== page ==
No one's quite sure which springs gave Palm Springs its name, but historians consistently guess it had to do with the area'a natural hot springs, which Native Americans were using long before Europeans showed up to settle the area in the 1800s. Starting more than a century ago, a series of homemade shacks were built in the middle of the downtown area to host visitors for a dip in the steamy mineral springs. They called the ritual "taking of the waters."
Those splintering shacks have been relegated to the distant past, but you will find archive photographs of them on the wall at The Spa at Séc-he, which replaced them with this lavish and newly built facility in 2023. Unlike the way these stories usually go, the natural springs have not been commandeered by profiteering outsiders. Instead, they're still owned by the Agua Caliente Band of Cahuilla Indians—their name actually means hot water—who welcome modern tourists to "take the waters" on the same site as part of a much more comfortable, premium-level experience. A few resort hotels in Palm Springs have spas, but none of them are as elaborate, none of them have such direct links to the long traditions of this area, and none of them are smack in the middle of downtown, avoiding a car ride.
The mineral-rich water emerges from the earth at a fairly comfortable 105 degrees Fahrenheit (40.5 Celsius), doled out in 15-minute sittings in private indoor cabanas (pictured above)—drop the swimsuit during your session if you like. Fortunately, these hot springs aren't as smelly as the ones in other parts of California.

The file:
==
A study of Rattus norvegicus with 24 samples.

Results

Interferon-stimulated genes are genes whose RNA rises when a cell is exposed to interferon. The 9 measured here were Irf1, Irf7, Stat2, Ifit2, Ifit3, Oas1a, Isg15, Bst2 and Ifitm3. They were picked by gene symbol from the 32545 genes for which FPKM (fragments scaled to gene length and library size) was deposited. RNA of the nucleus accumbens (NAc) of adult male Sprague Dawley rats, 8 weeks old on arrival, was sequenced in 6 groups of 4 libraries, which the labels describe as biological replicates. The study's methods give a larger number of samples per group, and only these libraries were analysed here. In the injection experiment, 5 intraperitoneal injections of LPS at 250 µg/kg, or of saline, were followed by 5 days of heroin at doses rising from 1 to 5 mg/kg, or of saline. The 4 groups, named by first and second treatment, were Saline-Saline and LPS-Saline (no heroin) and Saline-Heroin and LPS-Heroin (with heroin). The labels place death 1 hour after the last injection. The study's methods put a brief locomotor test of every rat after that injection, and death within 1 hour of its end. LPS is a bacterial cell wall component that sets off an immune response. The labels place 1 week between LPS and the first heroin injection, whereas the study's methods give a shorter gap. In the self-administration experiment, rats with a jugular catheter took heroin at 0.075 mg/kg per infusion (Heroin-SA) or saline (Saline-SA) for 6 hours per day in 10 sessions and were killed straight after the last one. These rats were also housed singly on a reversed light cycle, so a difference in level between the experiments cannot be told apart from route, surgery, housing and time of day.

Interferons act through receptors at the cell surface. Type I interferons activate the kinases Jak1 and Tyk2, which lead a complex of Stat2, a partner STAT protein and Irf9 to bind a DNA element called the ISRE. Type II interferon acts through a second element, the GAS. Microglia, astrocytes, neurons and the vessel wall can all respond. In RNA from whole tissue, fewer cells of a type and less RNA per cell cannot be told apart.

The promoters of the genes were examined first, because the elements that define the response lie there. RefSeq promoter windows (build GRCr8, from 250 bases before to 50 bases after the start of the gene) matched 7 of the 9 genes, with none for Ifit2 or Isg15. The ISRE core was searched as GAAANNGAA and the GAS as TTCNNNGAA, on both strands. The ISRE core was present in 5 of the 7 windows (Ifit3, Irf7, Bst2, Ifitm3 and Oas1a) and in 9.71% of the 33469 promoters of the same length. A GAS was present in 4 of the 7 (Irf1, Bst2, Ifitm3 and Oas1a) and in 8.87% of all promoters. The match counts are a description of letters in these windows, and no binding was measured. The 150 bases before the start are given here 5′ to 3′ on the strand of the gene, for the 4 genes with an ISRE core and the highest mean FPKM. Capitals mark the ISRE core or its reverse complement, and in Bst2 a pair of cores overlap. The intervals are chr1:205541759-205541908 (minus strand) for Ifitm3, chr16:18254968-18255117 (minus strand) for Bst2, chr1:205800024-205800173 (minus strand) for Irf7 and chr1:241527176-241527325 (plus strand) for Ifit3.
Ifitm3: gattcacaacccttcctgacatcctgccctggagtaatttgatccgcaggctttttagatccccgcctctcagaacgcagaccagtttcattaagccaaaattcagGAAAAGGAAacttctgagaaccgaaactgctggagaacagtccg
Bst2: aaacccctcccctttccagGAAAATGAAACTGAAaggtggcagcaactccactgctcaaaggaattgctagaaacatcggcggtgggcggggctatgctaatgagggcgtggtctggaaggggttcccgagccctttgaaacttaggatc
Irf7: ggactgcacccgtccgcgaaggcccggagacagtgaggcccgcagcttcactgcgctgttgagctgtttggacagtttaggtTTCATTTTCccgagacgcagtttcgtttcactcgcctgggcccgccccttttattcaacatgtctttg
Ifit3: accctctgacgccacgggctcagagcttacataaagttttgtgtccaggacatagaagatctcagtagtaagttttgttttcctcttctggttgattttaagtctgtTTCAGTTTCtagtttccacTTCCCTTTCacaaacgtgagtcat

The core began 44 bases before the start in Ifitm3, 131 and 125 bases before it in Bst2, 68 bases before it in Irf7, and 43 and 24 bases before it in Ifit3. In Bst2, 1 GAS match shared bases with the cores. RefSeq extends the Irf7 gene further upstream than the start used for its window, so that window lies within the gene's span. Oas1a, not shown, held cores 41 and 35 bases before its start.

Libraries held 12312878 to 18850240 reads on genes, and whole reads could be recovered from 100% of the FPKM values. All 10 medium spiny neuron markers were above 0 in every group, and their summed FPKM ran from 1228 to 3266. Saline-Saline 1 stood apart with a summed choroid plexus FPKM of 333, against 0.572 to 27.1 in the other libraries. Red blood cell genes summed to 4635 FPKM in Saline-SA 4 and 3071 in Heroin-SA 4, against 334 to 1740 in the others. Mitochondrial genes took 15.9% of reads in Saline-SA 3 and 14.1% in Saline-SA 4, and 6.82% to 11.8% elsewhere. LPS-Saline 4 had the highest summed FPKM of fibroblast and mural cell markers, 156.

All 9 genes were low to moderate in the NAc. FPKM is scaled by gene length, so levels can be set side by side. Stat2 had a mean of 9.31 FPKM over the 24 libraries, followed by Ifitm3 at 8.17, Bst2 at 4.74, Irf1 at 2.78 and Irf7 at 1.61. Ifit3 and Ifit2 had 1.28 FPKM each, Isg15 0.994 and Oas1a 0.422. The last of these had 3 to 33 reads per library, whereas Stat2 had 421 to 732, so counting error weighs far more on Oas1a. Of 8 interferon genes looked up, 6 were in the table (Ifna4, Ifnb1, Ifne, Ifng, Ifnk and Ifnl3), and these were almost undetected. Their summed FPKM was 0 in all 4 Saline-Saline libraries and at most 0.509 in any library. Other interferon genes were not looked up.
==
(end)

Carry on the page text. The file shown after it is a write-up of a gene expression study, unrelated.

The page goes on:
But that's not even close to the end of the offerings. Your Taking of the Waters also includes a day pass the the rest of the 73,000-square-foot facility (which is mostly co-ed, so swimwear will be required—the spa can provide a disposable suit if necessary). Other things to do include a huge list of other treatments including aromatherapy showers, a eucalyptus steam room, menthol inhalation saunas, cryotherapy, darkened relaxation rooms with vibrational loungers, two halotherapy salt caves, an outdoor pool deck with a waterfall pool, zero-edge mineral pool and whirlpools, and even a very well-stocked fitness center. All of that is included in a Taking of the Waters day pass, but there's also a full menu of massages and treatments (charged separately) ranging from facials to hair to body scrubs to the signature Water Cupping Massage. Food is served both at a café and poolside.
Tips: It's easy to turn a visit into a whole day, so if your appointment is in the morning, you can stay longer and get the most out of it. Bring sunscreen if you'd like to sit at the outdoor pool, but note that the best, south-facing cabanas alongside it have to be rented. The spa will issue you some sandals, but they're grey and will heat up in the sun, so flip them over while you're in the pool to avoid scorching your soles when you put them back on.